1. Behold, the saddest tulip garden of all time.
As I assume you all spend your days waiting with bated breath for my latest gardening update, I’m happy (?) to fill you in on the latest goings-on with my bathtub. “Pathetic” is the word I’d use to sum up the situation.
Out of the 55 bulbs I planted last November, exactly three (3) sprouted: a 5 percent success rate. Out of the three that sprouted, exactly one (1) actually grew into a tulip: a 1 percent “success” rate.
Why the quotation marks, you ask? Because this tulip, despite producing a flower, did not even come close to producing the flower I expected it to produce. I ordered four varieties of tulips: one white, one pink, one purple and white, and one pink and white. Do you, dear reader, see any of those colors in my solitary, lonely tulip?
On top of that, the flower lasted exactly six (6) days, thanks to this BS “spring” of ours, where apparently even suggesting that it should be in the 60s amounts to blasphemy as far as the atmosphere is concerned. This entire experiment has been an enormous bust, which was disappointing at first but at this point is so ridiculous it’s just laughable. Needless to say, I don’t expect to plant bulbs again any time soon – at least not before I have a real garden with real ground to put them in.
2. Having been cursed with a crushing sense of loyalty to just about anything with which I aligned myself at any point, I found myself back in Kenosha this weekend, doing something I swore I would never do again: working at the Wisconsin Marathon.
This was my fifth Wisconsin Marathon, but it was the first one (for me) that wasn’t freezing cold and/or terribly windy. I felt bad for the runners, because it certainly wasn’t friendly weather for running a half marathon or marathon (especially a marathon), but it was nice to wear shorts and short sleeves instead of four layers for a change.
3. My biggest concern about working the Wisconsin Marathon this year was that it took place on Global Big Day, the…uh, big day…in birding. The point of Global Big Day is to count as many birds as you can throughout the course of the day, so obviously having to spend a fair part of my day working a race did not help in my pursuit to count ALL OF THE BIRDS.
I did take a couple bird watching breaks throughout the race and was pleasantly surprised by everything I saw! For one thing, the lake (and air over the lake) was absolutely crawling with Caspian Terns, which were new to me. As I walked along the water in the afternoon, I saw little birds flitting around the trees, which I eventually identified as Palm Warblers: also new to me. I saw a male Myrtle’s Yellow-Rumped Warbler, too. I saw a bunch of females at the Morton Arboretum in October, but I had never seen a male before, so that was kind of new.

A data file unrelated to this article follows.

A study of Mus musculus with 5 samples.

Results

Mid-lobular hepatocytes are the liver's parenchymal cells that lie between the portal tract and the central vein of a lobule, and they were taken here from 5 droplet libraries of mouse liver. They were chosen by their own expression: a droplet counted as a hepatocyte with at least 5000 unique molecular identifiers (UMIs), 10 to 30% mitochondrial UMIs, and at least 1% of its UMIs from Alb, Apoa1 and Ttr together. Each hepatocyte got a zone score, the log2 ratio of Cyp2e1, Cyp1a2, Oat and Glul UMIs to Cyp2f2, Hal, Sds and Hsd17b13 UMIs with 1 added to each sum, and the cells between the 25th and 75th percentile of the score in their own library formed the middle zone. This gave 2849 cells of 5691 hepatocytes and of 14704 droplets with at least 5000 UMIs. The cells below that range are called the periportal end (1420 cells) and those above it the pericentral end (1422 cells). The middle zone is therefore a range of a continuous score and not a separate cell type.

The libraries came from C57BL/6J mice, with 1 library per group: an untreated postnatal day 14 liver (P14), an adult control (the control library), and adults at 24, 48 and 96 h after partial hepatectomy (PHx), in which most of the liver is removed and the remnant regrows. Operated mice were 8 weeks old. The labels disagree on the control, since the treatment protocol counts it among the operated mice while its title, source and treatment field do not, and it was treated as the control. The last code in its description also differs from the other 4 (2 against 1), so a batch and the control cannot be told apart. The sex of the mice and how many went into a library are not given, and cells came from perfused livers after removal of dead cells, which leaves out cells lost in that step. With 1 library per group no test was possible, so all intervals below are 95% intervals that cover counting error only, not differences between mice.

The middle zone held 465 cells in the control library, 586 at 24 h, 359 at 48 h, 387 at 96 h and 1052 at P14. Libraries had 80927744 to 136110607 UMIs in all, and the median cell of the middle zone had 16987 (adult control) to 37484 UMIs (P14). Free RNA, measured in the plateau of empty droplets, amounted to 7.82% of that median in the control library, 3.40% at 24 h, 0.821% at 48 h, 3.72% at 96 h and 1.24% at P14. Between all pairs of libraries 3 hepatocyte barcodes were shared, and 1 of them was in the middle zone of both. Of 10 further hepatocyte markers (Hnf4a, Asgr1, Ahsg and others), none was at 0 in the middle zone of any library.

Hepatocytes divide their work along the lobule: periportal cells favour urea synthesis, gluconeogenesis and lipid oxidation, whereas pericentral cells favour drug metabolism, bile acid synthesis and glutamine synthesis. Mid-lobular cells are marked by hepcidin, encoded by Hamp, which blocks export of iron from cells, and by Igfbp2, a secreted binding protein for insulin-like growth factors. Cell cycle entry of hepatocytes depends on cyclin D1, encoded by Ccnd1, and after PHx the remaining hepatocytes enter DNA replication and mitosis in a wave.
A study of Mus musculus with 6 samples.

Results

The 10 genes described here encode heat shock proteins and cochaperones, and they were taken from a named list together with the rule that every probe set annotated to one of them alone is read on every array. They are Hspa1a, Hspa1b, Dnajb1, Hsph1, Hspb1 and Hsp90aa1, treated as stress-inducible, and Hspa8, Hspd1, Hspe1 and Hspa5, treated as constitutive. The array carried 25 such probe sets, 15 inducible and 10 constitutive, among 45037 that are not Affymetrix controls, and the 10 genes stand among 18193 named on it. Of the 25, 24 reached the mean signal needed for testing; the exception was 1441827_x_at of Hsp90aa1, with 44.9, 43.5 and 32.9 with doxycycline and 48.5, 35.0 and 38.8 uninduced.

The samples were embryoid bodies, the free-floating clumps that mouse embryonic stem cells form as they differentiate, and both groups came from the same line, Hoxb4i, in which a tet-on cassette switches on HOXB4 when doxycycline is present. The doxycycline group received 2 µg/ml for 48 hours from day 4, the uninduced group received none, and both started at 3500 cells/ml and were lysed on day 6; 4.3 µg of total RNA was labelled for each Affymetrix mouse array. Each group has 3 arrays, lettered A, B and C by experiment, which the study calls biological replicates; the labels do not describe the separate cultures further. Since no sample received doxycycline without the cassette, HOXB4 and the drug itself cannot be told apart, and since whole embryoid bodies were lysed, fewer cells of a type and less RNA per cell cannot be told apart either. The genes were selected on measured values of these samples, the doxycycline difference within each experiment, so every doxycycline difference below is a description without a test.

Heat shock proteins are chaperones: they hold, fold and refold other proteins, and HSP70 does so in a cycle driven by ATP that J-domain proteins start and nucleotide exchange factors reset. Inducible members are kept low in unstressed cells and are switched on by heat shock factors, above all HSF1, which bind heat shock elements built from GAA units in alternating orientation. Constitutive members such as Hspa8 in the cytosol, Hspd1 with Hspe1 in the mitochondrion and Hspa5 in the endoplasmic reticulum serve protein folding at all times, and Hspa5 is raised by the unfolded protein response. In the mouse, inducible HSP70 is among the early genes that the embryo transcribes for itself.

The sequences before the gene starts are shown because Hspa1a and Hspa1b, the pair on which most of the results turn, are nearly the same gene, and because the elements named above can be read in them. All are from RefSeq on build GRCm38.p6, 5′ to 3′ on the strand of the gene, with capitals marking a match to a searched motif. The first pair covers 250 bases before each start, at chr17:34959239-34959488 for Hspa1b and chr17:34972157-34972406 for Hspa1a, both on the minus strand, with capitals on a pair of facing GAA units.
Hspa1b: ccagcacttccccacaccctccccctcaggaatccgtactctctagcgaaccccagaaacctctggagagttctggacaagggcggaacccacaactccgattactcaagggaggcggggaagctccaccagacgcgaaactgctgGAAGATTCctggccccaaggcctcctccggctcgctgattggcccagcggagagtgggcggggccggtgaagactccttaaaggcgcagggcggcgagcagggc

I was dead tired when I finally got home around 6:30 Saturday evening, but it was Global Big Day, darn it, and even though I had to sacrifice my hopes and dreams of spending the entire day at Montrose bird watching, I was not going to sacrifice my opportunity to go bird watching at the bird-full park where I saw several migrants in April! So I drug myself to the park, sans SLR (a decision I would regret almost immediately), and OMG. Best decision of my day.
Things started off on a good note when I saw another new-to-me thrush, the Swainson’s Thrush, the taller, skinnier cousin of the Hermit Thrush I saw in April. I then saw a non-House Sparrow, which is always a reason to celebrate, and also saw three more Palm Warblers.
BUT THEN. I was in the process of desperately trying to confirm if the birds in an evergreen tree were Grey Catbirds when another bird in a neighboring tree came to my attention. It was BRIGHT orange, and I instantly knew what it was: A BALTIMORE ORIOLE.
I CAN. NOT. emphasize enough how big of a deal this was for me. Every spring, my mom and grandma have an unofficial competition to see who can get the first Ruby-throated Hummingbird, first Rose-breasted Grosbeak, and/or first Baltimore Oriole to visit. The hummingbirds are a guarantee. They show up at the feeders every year and hang around all summer. The Rose-breasted Grosbeaks are maybe not guarantees, but they’re like 95 percent sure to show up at least once in May. The orioles usually show up, but are much more hit or miss than the grosbeaks. They’re not Indigo Bunting-rare, but they’re close. Since you can’t really count on orioles showing up at my parents’ house (or my grandma’s house), I can’t remember the last time I saw one. I’m nearly certain I haven’t seen one since 2012, possibly even longer. I have most definitely never seen one in Chicago before, and on Saturday, I didn’t just see one: I saw THREE!
This is the first migration season I’ve been through since I began regularly tracking what birds I see, and it is blowing my mind how many species I’ve seen in the past month. It’s amazing to witness and seriously so much fun to go outside and never know who you’ll encounter. I actually had a hard time running on Monday because I kept seeing so many birds I wanted to ID! Spring migration season hasn’t even ended yet and I’m already looking forward to late August/early September when it starts all over again 🙂
What annual flowers should I plant this year? After this bulb debacle, I’m in the market for something that’s going to flourish and am happy to take any and all recommendations. I think I’m going flower shopping this weekend, so I’m all ears!